The Complete Thinker: The Marvelous Mind of G.K. Chesterton
What does it mean to be a “complete thinker”? It means being able to take on a wide variety of ideas and disciplines and put them all together in a way that they work together. It means thinking like G.K. Chesterton.
The English author G.K. Chesterton (1874-1936) was one of the most prolific and well-known writers of his time, and one of the most widely quoted in our own. For newspapers and magazines, he wrote social commentary, literary criticism, and poetry with poignancy and wit. Creator of the beloved detective Father Brown, Chesterton also wrote novels and short stories.
“Thinking”, wrote Chesterton, “means connecting things.” His ideas are not only connected to each other, they are also connected to us, showing that the thought of Chesterton is timeless. In a world of increasing specialization, Chesterton connects us to the big picture by helping us see how the many and varied elements within our experience fit together. He sheds light on almost every subject and opens doors from one thing to another with dazzling clarity.
Drawing on literally hundreds of references from Chesterton’s vast writings, Dale Ahlquist conducts a symphony, with Chesterton playing all the instruments in perfect harmony.
Eric Johnson –
Even though this book is, in a lot of ways, intended as a follow-up for The Apostle of Common Sense, and Common Sense 101, I loved reading it just on its own merit (which it has in excess!). As usual, Dale Ahlquist really breaks open Chesterton and shows in ways we might not otherwise consider, Chesterton’s incredibly timely relevance to our modern day and age. Pick any major issue we struggle with as a culture, and Ahlquist shares the pithy thoughts Chesterton brought to that issue, from a wide variety of his works. Really, really fascinating to read. Also, loved the appendix of the Darrow v. Chesterton debate. Way too cool!
Stuart McCullough –
“I am sometimes asked if I ever read anything besides GK Chesterton. The answer, unfortunately, is yes. I wish I had a better answer— something more along the lines of no.” Dale Ahlquist, in the Introduction to The Complete Thinker, The Marvellous Mind of GK Chesterton.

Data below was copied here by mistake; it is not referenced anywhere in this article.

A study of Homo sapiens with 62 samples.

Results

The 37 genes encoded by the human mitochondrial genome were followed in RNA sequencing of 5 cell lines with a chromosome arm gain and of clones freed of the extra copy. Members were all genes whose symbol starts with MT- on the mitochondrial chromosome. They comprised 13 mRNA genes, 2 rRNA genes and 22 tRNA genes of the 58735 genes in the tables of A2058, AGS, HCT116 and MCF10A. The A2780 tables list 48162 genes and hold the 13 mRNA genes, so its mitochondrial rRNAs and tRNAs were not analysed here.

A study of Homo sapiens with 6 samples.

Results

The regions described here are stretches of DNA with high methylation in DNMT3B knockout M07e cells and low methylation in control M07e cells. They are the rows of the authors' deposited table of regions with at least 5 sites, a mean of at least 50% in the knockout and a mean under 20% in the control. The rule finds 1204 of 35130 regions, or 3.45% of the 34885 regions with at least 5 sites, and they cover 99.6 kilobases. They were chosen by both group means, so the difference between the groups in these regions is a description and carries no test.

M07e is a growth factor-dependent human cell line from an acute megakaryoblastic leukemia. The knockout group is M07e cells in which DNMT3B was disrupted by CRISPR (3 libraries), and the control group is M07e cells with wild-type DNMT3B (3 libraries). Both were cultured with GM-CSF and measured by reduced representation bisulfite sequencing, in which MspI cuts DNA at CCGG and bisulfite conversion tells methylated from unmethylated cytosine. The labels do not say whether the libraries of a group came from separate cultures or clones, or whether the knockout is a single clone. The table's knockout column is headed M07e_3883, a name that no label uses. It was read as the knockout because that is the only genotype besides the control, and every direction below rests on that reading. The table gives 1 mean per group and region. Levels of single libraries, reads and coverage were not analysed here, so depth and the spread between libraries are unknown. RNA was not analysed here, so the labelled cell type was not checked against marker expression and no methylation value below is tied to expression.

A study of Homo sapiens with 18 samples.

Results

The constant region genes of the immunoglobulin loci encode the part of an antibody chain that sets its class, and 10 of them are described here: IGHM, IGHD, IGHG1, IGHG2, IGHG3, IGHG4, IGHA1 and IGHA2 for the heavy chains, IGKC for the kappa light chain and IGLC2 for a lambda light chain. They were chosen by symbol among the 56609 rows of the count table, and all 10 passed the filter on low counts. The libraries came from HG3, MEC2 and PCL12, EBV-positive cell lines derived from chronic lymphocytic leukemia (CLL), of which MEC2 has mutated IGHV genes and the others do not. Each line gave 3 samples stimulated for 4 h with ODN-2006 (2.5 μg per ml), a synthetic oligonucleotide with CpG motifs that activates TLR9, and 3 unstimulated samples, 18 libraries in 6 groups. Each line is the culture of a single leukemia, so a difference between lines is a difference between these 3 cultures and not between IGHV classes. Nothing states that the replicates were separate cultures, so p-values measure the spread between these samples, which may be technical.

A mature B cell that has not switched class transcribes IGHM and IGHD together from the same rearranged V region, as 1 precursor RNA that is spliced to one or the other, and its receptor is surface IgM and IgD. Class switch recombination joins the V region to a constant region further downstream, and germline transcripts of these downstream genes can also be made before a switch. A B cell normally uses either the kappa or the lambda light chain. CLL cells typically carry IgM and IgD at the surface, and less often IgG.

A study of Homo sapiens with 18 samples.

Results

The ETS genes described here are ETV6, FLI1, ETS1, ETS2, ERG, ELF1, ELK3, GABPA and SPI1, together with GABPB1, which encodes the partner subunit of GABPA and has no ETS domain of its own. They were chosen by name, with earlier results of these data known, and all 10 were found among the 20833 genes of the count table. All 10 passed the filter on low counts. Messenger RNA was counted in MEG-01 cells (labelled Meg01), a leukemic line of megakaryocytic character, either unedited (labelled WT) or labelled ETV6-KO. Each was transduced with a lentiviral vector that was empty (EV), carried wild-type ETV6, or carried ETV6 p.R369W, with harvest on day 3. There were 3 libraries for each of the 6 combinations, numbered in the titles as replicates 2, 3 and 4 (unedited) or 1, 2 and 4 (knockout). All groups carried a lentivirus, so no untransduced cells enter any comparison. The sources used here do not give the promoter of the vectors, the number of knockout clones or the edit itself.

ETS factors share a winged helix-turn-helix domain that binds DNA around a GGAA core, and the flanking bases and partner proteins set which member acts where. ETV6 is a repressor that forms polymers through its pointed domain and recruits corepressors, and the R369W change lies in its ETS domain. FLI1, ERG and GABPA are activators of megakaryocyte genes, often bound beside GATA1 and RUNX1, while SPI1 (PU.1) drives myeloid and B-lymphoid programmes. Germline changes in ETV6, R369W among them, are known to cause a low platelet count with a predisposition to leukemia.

So if we should only read GKC, then we should not read Dale Ahlquist. But as my long suffering Wife got me the book for my Birthday, it would have seemed ungrateful not to read it. Also I don’t just read GKC, there’s Belloc, Tolkien, Pearce, Tolstoy, Shakespeare, Belloc, Cecil (GKC’s brother) Dale etc.
So, unless you’re only going to read GK Chesterton, ignore Mr Ahlquist’s advice and read his great book.
Dennis (verified owner) –
With this book, Ahlquist really gets into the real MEAT of Chesterton, and the Truths he illustrated better than anyone before or since. As with all Ahlquist’s other books on Chesterton, it’s easy reading, but very serious despite being humorous oftentimes. I really loved this book. It’s truly a masterpiece, in that Ahlquist collects various points Chesterton made, and connects them together in an easily understood and very clear unified whole that even teenagers should be able to “get.” It could well become my favorite book about or by Chesterton. Very concentrated in content, very readable and clearly understandable, and always entertaining and captivating. It’s very hard to put it down. You just want to keep reading, and when you come to the end, you want to read it yet again. That’s very rare in books today, and it’s one of the things that makes this book a really rare pearl of literature and philosophy.